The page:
Buying an Arkansas Home: What Does the Seller's Disclosure Form Tell Me?

If you are looking to buy a home in Arkansas, you must first do your homework. Buyers would be wise to examine trends in the real estate market, the local government, the local school system, and the likely value of the property over time. One of the most important factors for you to consider is the home’s condition at the time that you buy it. Does the hot water work? Are there troubling cracks around the window frames? What about the major appliances? All of these sorts of issues can address the home’s value, and thus affect what you would want to pay for it.

Most states have clear legislation that would require a seller of residential property to give you a written disclosure report. Such a report typically identifies any major physical defects in the property, like those described above.

Arkansas has no such law requiring sellers to disclose these sorts of defects to buyers. Sellers cannot lie to you directly (this would be fraud), but they need not affirmatively warn you that the stove is busted or that there is mold in the basement. However, if the seller uses a real estate agent, the agent may need to make certain disclosures to you. What sort of requirements exist, and how might they affect your decision to purchase an Arkansas home?

Real Estate Regulations in Arkansas

Arkansas takes virtually the opposite approach from other states, in that Arkansas courts generally enforce caveat emptor clauses in purchase contracts. Under the doctrine of caveat emptor (“let the buyer beware”), judges ordinarily refuse to compensate buyers for home defects found after the purchase, unless the seller did something to actively prevent the buyer from inspecting the property to find all of the defects.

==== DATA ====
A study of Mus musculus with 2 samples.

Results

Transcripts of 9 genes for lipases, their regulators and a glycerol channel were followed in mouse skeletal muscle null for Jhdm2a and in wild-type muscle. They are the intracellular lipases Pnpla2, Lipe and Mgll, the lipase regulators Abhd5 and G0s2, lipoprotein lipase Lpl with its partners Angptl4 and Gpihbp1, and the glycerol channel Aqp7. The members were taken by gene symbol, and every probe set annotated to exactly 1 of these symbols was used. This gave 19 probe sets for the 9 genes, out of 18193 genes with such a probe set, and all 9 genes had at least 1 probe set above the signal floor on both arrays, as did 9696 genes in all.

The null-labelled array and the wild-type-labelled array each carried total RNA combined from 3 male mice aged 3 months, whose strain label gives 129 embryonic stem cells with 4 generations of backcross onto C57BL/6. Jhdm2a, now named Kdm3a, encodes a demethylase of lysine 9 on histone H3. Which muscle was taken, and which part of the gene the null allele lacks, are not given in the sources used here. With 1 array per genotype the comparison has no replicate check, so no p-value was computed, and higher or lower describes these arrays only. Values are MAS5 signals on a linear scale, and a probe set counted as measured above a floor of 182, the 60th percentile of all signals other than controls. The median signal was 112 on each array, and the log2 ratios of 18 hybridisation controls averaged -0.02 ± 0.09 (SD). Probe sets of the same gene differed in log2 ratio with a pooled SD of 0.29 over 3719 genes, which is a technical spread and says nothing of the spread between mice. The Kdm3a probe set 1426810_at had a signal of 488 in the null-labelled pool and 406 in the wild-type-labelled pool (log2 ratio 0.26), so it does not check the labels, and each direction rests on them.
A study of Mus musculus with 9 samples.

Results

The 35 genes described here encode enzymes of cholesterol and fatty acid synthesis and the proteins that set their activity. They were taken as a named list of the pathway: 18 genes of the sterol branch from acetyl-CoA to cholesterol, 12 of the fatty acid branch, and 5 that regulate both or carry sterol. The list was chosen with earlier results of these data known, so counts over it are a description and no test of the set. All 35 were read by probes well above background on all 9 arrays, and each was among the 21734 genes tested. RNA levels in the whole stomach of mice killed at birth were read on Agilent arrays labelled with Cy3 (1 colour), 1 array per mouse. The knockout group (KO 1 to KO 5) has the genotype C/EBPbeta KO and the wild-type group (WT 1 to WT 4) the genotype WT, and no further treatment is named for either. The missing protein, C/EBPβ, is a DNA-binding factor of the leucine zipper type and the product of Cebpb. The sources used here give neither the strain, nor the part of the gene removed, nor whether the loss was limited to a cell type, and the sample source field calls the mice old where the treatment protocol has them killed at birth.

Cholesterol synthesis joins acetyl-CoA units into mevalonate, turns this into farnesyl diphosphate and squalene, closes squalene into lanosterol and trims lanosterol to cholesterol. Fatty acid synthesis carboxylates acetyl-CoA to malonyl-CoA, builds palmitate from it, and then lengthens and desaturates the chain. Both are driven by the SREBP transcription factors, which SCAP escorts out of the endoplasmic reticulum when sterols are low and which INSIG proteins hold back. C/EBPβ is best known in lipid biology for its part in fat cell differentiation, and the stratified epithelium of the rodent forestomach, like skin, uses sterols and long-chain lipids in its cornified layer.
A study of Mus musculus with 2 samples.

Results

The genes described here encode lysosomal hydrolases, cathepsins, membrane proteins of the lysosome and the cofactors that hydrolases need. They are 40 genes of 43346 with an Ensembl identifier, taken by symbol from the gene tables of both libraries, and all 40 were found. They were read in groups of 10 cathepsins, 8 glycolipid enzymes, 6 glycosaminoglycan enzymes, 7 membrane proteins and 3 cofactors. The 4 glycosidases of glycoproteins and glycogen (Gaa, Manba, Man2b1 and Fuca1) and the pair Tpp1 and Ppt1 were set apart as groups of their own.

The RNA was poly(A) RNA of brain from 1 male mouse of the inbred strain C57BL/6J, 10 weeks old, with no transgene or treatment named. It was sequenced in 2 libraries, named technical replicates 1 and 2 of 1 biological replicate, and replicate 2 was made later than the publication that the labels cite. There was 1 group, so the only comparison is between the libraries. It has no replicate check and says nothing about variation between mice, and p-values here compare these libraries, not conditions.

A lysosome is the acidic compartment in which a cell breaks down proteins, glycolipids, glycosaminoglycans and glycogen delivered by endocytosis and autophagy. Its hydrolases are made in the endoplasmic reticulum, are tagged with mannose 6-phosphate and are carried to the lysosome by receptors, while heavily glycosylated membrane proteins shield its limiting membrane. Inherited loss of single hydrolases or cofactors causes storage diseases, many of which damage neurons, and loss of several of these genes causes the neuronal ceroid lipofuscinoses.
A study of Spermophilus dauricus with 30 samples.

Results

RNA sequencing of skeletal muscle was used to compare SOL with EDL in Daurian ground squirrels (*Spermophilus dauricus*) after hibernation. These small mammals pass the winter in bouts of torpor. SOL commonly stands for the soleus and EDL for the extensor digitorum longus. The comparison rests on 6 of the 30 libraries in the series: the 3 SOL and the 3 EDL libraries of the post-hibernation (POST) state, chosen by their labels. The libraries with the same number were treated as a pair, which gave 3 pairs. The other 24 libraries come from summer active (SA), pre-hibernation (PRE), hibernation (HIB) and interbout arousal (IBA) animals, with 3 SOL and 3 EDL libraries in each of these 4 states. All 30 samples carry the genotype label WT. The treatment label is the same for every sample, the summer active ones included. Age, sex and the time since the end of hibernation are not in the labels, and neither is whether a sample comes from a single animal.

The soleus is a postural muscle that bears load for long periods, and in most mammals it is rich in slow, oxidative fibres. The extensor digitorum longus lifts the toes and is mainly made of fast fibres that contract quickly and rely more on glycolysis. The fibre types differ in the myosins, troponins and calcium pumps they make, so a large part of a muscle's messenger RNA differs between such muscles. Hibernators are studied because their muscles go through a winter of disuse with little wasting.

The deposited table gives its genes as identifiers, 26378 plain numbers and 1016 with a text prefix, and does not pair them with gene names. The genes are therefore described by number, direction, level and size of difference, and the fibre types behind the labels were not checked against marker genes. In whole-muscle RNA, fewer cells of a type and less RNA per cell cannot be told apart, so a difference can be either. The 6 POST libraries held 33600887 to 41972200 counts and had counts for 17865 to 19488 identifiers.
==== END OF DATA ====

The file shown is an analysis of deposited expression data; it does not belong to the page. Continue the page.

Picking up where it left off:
Despite the lack of legislation on disclosure, and the caveat emptor doctrine, the Arkansas Real Estate Commission (AREC) has passed some relevant regulations around disclosure of property defects. AREC is a state agency that oversees much of Arkansas’s real estate industry, as well as the licensing of real estate agents. AREC forces licensed agents to abide by a set of regulations.

AREC Regulation 10.6 states: “[A real estate agent] shall exert reasonable efforts to ascertain those facts which are material to the value or desirability of every property for which the [he or she] accepts the agency, so that in offering the property the [agent] will be informed about its condition and thus able to avoid intentional or negligent misrepresentation to the public concerning such property.”

While this language is a bit confusing, it essentially means that any licensed Arkansas real estate agent has a professional obligation to “exert reasonable efforts” to investigate the condition of a property that the agent has been hired to sell.

A reputable real estate agent cannot, for example, sell a house with no working electricity and simply neglect to mention that issue when talking with potential buyers. An agent who behaved in this sort of backhanded manner could lose his or her license. AREC suggests that, while the definition of “material to the value” of the property might be vague, agents must use their common sense and investigate the property that they intend to sell.

Now, remember, nothing requires a seller to use a real estate agent. Plenty of sellers can list their house on their own, which is known as a direct sale. However, many sellers do use a licensed real estate agent to sell their property. This gives you at least some degree of regulatory oversight of the sale, even if the actual seller does not have direct responsibility to disclose defects.

Can I Trust a Real Estate Agent’s Disclosures?

Even AREC’s disclosure requirements are not very extensive. For example, nothing in Rule 10.6 requires the agent to perform a complete floor-to-ceiling investigation of the home before showing it to you, nor does it require the agent to hire a professional inspector to find potential physical defects. The agent needs only to exert a reasonable effort to inspect the premises, obviously a very malleable requirement.

Buying your home is too important of an investment to rely so heavily on a real estate agent; a person who does not even work for you. You best security when it comes to determining the home’s quality is to hire your ownprofessional inspector. Your real estate attorney can probably suggest someone with a good reputation in your area of Arkansas. This person typically has a background in construction or a related trade, and can give you an independent evaluation of the property so that you know exactly what you are buying.

While Arkansas’s laws are not as buyer-friendly as those of some states with regard to mandatory defect disclosures from the seller, hiring an inspector is an excellent way to protect yourself.